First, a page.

The Return Of Pragmatism


What James was doing was stretching a principle of scientific inquiry to cover thinking generally. The principle of scientific inquiry is the “principle of Peirce.” It states that if we want our conception of an object to be meaningful—or, as Peirce put it, to be “clear”—then we should limit that conception to the real-world behavior the object will exhibit under all possible conditions. To use one of Peirce’s examples, what we mean when we call a substance “hard” is that it will scratch glass, resist bending, and so on. “Hardness” is not an abstract property or invisible essence; it is just the sum total of what all hard things do.

James’s idea was to extend this way of understanding scientific concepts to all our beliefs. What makes any belief true? he asked. It is not, he thought, its rational self-sufficiency, its ability to stand up to logical scrutiny. It is that we find that holding the belief leads us into more useful relations with the world. James thought that philosophers had wasted huge amounts of time attempting to derive truths from general first principles, trying to prove or disprove rationally the tenets of various philosophical systems, when all they needed to do was to ask what practical effects our choosing one view rather than another might have. “What is its cash-value in terms of practical experience?” James thought the philosopher ought to ask of any idea, “and what special difference would come into the world according as it were true or false?” Or as he put it more famously, nine years later, in Pragmatism: “The true is the name for whatever proves itself to be good in the way of belief, and good, too, for definite and assignable reasons.”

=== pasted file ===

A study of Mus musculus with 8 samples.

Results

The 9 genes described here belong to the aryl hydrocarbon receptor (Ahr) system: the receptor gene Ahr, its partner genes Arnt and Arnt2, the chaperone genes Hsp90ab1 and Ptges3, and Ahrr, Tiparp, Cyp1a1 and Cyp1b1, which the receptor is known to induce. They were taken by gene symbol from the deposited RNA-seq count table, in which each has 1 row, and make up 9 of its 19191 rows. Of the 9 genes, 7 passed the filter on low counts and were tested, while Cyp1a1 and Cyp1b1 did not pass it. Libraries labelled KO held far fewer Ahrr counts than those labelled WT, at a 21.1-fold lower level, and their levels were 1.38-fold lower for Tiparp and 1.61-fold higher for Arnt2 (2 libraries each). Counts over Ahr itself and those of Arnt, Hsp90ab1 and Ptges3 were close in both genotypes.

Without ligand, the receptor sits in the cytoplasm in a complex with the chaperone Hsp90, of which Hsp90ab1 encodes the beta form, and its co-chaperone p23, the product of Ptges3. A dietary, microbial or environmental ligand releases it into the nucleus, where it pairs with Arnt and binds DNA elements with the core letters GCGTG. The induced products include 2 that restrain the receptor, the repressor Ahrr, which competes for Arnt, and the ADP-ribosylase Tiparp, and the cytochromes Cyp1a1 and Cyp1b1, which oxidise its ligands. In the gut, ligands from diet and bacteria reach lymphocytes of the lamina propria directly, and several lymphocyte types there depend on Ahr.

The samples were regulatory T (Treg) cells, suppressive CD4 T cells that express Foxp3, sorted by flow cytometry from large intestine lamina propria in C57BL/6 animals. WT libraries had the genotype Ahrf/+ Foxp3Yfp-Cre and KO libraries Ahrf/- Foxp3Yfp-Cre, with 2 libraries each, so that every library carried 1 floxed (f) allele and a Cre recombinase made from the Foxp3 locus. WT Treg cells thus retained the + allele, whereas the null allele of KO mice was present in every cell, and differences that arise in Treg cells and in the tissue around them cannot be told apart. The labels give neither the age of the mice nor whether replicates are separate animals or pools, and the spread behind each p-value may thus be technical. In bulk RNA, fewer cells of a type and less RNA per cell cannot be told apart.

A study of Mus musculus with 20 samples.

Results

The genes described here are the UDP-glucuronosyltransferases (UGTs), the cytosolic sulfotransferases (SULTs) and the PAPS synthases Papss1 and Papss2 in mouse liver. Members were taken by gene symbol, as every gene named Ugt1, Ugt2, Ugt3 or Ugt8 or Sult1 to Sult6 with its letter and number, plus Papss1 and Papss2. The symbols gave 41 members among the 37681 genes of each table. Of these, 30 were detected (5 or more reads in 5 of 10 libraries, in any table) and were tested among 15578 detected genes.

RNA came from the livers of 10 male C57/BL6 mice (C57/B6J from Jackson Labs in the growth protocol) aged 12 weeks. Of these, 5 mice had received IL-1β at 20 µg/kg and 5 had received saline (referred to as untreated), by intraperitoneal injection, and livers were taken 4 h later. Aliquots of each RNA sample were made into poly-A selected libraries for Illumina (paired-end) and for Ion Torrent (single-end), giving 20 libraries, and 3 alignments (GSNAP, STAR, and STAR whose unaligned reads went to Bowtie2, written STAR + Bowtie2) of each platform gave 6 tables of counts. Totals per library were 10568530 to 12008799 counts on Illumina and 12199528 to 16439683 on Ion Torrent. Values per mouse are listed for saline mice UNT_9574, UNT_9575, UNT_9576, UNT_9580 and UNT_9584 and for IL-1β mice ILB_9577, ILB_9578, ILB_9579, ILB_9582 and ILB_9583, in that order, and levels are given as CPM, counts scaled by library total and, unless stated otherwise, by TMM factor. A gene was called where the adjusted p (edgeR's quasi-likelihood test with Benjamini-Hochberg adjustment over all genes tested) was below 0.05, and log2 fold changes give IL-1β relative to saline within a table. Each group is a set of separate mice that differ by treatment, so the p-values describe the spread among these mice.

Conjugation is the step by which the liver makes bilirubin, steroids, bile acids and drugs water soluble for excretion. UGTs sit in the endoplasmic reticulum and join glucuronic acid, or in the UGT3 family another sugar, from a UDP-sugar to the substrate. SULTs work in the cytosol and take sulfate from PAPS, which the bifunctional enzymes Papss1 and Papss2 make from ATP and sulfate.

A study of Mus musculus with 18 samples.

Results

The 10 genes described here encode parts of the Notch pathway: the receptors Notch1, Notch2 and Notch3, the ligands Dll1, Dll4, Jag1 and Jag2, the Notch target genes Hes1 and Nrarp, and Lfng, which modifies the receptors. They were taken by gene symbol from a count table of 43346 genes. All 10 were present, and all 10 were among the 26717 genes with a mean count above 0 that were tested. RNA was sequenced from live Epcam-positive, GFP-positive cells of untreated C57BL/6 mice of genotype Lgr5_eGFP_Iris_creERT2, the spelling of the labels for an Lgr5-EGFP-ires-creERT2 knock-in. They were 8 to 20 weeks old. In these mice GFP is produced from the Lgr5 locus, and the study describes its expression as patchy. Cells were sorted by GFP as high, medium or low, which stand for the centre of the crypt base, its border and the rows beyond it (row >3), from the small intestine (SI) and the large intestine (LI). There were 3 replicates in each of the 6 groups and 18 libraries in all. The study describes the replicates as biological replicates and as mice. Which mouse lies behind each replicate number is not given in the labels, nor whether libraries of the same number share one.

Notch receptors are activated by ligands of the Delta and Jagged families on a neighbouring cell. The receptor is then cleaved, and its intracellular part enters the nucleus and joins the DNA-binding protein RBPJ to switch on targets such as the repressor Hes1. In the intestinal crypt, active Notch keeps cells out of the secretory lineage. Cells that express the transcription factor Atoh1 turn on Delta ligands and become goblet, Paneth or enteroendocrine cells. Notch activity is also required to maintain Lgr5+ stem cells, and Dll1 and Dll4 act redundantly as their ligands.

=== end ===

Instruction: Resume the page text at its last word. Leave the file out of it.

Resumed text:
Words like practical and cash-value may make James seem an advocate of materialism and science. But one of his chief purposes in introducing pragmatism into philosophy was to open a window, in what he regarded as an excessively materialistic and scientific age, for faith in God. We needn’t ask, he thought, whether the existence of God can be proved; we need only ask what difference believing or disbelieving in God will make in our lives. If we wait for absolute proof that there is or is not a God, we will wait forever. We have to choose whether to believe on other criteria—that is, on pragmatic criteria. For this is, James thought, how we make all our choices. We can never hope for absolute proof of anything. All our decisions are bets on what the universe will do.

In crediting the “principle of pragmatism” to Peirce, James was, characteristically, doing a favor for a friend. But he was also helping to establish a genealogy for pragmatism that may contain more legend than history. The attribution was a favor because in 1898 Charles Sanders Peirce was an almost wholly forgotten figure. James had known him well in the 1860s, when both were students at the Lawrence Scientific School at Harvard. Peirce was the son of a distinguished Harvard professor, the mathematician Benjamin Peirce, and he had already, when James met him, acquired a reputation as a prodigy of mathematics, science, and logic. But his career unfolded disastrously. He lost his academic appointment, at Johns Hopkins University, because of a scandal involving his remarriage. (He had begun living with the woman who would become his second wife after he had separated from but before he had legally divorced the woman who had been his first wife.) He lost his other job, working for the Coastal Survey, a government scientific agency, soon afterward. In 1898, having spent part of the decade in New York City, sleeping on the streets and cadging food from the Century Club (until he was evicted) while on the lam from creditors and assault charges, Peirce was living in poverty and neglect in Pennsylvania, on anenormous dilapidated estate that he had purchased in an illconsidered moment of financial optimism.